Airline was forced to cancel over 50 flights yesterday as boarding software crashed
In total, Aer Lingus had to cancel a total of 51 flights yesterday — mainly to and from Dublin and European and UK destinations.
However, last night a spokesperson for the airline said the break in connectivity had been fully restored, and Aer Lingus had taken steps to bring all its systems back online.
The spokesperson said the Sunday schedule “is still planned to operate as normal” but warned could be subject to delays. “Intending passengers should check the Aer Lingus website for updates,” they warned.
Aer Lingus confirmed it will be operating all of its transatlantic services from Dublin today, "albeit with delays and reduced passenger numbers in some instances, due to security restrictions applying as a result of the systems outage"
The statement continued: “We have made additional customer service agents available to deal with high call volumes — but please bear with us as we try to service all customer queries.”
Yesterday afternoon, fears grew for thousands of Garth Brooks fans who had been due to fly into and out of the city.
The airline has ruled out a hacking incident and confirmed that any customer impacted by the disruptions will be able to change their travel plans, free of charge, either through their call centre or social media channels, or get a refund.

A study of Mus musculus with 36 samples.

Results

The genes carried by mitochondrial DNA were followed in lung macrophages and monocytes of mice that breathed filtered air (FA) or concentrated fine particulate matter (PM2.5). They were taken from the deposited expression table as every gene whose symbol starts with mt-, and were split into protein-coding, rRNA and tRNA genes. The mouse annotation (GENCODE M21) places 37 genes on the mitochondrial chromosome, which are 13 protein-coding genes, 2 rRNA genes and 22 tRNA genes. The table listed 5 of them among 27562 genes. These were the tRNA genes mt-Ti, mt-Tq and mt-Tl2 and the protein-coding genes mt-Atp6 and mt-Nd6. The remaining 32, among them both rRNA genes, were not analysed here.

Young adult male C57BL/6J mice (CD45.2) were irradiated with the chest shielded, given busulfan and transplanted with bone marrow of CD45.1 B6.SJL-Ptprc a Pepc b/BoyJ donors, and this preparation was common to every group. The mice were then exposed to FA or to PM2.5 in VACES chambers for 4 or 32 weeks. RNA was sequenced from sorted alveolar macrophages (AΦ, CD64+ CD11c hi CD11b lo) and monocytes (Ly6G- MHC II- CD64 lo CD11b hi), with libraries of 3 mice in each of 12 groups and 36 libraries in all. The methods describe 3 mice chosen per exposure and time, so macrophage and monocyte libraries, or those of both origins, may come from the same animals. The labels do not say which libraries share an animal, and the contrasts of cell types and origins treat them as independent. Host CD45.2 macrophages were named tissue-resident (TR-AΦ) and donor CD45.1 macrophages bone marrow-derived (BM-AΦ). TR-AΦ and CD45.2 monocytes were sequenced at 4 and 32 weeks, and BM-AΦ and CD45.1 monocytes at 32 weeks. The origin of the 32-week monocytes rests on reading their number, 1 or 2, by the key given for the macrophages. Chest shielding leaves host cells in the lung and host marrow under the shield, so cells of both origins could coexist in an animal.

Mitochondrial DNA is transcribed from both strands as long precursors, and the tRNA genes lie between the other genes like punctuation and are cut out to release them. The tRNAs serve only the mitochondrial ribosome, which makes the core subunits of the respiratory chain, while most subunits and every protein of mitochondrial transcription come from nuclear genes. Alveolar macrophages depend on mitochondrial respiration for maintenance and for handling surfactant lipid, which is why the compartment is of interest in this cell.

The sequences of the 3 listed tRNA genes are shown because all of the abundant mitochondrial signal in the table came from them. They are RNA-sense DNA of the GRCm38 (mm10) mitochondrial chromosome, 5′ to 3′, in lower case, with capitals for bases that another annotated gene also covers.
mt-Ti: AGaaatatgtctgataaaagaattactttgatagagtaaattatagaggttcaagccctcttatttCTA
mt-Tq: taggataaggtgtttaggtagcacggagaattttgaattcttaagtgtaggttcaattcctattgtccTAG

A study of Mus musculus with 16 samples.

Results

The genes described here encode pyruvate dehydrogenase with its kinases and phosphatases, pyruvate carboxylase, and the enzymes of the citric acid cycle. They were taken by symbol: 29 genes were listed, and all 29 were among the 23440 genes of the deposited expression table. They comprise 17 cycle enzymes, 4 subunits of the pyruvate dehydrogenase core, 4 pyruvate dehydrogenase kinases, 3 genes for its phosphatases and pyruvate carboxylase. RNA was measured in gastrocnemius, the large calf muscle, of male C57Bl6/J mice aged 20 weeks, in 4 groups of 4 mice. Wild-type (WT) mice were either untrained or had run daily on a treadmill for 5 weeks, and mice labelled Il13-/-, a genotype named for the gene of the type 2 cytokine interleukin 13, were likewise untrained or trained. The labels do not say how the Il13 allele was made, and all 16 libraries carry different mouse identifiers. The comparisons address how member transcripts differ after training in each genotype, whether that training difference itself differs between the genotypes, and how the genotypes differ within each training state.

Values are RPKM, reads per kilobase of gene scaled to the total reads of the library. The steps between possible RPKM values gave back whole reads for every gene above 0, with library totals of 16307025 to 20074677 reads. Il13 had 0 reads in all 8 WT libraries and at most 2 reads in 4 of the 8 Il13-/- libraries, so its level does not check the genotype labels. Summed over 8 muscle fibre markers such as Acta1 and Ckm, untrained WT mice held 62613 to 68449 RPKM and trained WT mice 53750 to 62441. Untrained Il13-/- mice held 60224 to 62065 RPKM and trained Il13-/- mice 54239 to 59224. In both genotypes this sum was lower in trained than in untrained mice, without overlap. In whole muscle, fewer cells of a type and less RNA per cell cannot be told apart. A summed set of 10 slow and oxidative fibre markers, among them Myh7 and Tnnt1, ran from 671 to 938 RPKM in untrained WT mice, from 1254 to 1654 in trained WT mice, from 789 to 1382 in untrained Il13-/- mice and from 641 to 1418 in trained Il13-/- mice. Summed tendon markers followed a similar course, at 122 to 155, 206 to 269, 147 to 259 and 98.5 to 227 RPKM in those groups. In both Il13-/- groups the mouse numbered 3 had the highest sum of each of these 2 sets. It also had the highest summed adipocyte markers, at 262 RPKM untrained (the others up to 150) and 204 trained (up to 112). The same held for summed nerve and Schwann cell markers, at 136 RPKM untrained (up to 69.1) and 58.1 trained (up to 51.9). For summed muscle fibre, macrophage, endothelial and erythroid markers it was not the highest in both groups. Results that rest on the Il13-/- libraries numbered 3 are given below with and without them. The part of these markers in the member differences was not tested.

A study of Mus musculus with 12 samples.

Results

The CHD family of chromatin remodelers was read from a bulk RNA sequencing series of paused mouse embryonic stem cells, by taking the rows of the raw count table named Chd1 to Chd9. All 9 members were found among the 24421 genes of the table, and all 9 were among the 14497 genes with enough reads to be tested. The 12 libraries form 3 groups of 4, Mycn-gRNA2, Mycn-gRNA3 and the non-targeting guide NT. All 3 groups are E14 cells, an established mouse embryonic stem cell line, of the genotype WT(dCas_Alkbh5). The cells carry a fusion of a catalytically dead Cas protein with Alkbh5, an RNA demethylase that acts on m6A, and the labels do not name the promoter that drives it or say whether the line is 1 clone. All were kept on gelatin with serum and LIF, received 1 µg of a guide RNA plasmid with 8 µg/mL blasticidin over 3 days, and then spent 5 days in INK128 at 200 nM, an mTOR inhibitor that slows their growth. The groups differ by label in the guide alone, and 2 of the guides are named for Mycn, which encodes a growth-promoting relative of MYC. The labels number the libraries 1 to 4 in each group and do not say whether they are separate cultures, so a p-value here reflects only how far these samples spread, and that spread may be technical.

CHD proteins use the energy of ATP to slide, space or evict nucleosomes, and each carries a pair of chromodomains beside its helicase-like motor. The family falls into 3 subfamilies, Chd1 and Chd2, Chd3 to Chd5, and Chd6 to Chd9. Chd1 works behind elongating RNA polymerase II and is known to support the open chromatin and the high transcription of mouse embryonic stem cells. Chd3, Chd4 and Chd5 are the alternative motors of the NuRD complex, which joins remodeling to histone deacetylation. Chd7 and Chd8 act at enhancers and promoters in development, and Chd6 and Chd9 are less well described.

It also cancelled all Dublin-bound flights from Europe yesterday afternoon and evening, with the exception of flights from Spain and Portugal.
The cancellations were caused by “a major technical problem” that prevented thousands of passengers from checking in.
Throughout Saturday afternoon and into the evening, spiralling queues formed as thousands of frustrated passengers lined up outside and inside Terminal Two.
At first, Aer Lingus attempted to check in each passenger manually — but then decided to cancel all short-haul flights, telling remaining passengers not to come to the airport for the rest of the day.
In cities throughout Europe, passengers due to fly to Dublin complained of a lack of any clear information.
An initial statement from Aer Lingus confirmed the issue: “Due to a major incident with a network provider, our cloud-based systems enabling check-in, boarding and our website are currently unavailable.”
It said a UK network provider servicing its cloud-based system experienced a “major break in connectivity”.
Throughout Saturday morning, customers reported long queues at the airport, as the Aer Lingus check in for earlier flights was being handled manually.
Tadgh Lynch and Liz Ryan were two of the thousands of people who waited in Terminal Two from lunchtime. They did not know if their planned trip to Vancouver would go ahead, but feared it was "not going to happen".
It was to be their first family holiday with daughter Lilly (three) and son Tadgh Óg (one).
The couple, who live in Kilkenny, arrived at 10am for at 1.10 pm flight.
“It looks like we’re going to miss the flight today, so we’re hoping that they might put us on a flight tomorrow, or else we’ll cancel and just book for another time,” Mr Lynch said.